Recent improvements to the USA Network TV series In Plain Sight show the value of character depth and likeability, both commercially and aesthetically.
In our critique of the new USA Network crime drama In Plain Sight, I pointed out that the show, although entertaining and interesting in its consderation of the various characters’ choices, had a signficant aesthetic and commercial weakness in the unattractive nature of its central character, federal marshall Mary Shannon (Mary McCormack). Although she continuously tries to do the right thing in both her job and her personal life—a very attractive quality—Mary spent most of her screen time in the first couple of episodes complaining about things. That, of course, is a rather unappealing trait.
As I noted in my critique, however, USA Network’s fiction series have a good history of correcting mistakes such as this. Fortunately, In Plain Sight is living up to that reputation, as the most recent episodes have improved things in several ways.
One, although she still frowns far too often to be attractive to most people, McCormack and the filmmakers have softened her personality a little, showing the emotional vulnerabilty behind the spiky surface, thus both explaining her irritability and helping us to understand it and thus accept it.
Two, the continued emphasis on Mary’s strong impulse toward moral goodness is laudable and deepens our understanding of her personality and the weight that her personal and professional responsibilities lay on her.
Three, Mary’s personal integrity is beginning to affect some of the people in her personal life in a very positive way, as her irresponsible mother, Jinx, and sister, Brandi, are starting to show some stirrings of conscience in regard to their cavalier mistreatment of others, especially of Mary herself. This is something for which Mary is greatly to be appreciated.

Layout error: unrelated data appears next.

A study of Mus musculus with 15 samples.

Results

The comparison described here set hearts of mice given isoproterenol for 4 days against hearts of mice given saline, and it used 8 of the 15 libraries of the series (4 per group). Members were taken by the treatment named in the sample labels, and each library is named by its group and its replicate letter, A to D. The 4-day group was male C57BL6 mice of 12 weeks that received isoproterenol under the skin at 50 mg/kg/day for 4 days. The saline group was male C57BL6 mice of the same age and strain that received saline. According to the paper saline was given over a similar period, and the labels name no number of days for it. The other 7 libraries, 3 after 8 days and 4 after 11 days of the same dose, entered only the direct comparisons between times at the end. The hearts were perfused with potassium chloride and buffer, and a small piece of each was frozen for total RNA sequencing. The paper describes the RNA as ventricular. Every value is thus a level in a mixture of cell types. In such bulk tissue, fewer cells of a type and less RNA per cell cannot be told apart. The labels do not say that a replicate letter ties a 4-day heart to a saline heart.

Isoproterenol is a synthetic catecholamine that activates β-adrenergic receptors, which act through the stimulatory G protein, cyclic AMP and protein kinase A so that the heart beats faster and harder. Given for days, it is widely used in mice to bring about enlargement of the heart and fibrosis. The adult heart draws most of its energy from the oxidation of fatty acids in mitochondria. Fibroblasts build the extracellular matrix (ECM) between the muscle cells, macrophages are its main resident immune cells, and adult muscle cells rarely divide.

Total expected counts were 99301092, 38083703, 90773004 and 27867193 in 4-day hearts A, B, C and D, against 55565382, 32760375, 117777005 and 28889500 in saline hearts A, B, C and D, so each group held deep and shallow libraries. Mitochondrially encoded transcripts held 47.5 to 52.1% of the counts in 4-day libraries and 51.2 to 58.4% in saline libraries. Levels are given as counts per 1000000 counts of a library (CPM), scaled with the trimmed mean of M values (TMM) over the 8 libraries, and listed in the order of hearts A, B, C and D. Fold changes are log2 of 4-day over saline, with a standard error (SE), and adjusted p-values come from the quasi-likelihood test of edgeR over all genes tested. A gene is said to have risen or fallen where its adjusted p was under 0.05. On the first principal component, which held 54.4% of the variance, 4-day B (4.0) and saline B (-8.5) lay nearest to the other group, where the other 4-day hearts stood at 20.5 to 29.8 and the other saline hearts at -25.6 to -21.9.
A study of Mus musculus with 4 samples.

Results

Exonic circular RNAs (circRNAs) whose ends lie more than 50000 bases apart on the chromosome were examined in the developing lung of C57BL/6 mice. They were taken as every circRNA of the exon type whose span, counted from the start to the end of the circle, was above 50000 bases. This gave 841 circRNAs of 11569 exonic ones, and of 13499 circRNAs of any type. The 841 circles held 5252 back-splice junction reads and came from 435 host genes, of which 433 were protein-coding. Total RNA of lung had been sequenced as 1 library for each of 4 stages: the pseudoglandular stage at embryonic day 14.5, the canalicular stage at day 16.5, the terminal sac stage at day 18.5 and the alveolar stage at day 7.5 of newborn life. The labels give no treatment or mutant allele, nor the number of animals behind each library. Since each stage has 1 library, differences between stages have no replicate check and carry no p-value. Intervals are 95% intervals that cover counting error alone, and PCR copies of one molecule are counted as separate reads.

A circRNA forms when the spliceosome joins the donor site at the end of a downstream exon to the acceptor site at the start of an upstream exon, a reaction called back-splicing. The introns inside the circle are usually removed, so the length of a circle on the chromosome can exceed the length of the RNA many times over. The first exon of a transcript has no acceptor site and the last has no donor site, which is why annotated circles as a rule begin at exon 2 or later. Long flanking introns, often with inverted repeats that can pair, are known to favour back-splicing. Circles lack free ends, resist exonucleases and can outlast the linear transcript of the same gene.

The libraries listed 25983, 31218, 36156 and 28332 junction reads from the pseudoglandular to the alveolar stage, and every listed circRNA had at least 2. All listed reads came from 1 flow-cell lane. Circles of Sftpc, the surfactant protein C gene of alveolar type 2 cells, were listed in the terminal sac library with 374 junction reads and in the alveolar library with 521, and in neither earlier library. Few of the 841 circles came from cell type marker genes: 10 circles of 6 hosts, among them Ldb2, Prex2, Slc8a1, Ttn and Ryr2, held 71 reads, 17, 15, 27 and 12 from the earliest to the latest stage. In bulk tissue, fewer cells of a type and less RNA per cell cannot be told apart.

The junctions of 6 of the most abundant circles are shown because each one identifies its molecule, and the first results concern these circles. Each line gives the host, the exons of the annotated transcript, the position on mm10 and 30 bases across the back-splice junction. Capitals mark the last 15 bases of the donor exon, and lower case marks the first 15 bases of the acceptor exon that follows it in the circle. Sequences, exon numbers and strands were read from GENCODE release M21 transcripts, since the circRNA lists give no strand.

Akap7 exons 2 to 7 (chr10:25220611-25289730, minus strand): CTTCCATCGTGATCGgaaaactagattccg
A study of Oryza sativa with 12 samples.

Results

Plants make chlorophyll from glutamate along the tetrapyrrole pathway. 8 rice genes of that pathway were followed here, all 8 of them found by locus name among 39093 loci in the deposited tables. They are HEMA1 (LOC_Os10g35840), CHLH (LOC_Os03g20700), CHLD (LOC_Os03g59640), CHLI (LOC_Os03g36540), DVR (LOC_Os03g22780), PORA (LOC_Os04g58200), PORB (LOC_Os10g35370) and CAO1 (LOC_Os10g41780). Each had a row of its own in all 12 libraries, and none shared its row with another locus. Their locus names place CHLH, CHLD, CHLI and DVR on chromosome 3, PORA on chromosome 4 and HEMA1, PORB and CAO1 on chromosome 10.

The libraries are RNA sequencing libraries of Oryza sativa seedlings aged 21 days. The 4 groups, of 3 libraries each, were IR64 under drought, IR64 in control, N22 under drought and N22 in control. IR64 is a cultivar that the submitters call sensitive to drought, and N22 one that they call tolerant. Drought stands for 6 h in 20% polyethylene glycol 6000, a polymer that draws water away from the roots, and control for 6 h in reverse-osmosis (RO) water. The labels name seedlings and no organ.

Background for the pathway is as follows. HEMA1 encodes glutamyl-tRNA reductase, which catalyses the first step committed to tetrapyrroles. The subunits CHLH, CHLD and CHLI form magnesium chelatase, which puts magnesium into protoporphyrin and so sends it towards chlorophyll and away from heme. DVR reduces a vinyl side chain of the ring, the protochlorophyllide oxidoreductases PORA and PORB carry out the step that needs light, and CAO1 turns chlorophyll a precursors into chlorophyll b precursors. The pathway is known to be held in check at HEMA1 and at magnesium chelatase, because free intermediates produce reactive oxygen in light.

Four, her partner, Marshall Mann (Fred Weller), is such a good person and effective officer and so openly goodnatured that viewers can enjoy being in his company when Mary is being her morose self.
Five, Mary has increasingly made gestuers of affection toward characters whose problems overshadow her own, showing a good perspective on her situation and a sympathetic nature. In addition, she is starting to be a little less relentless in her complaining and irritability.
The greater depth of the character makes the program both more enjoyable and more insightful. The show still has a way to go if it is to establish an appeal similar to other USA Network programs such as Monk, Psych, and Burn Notice, but it has made much progress in its first few weeks and stands a much better chance of succeeding than initially seemed likely.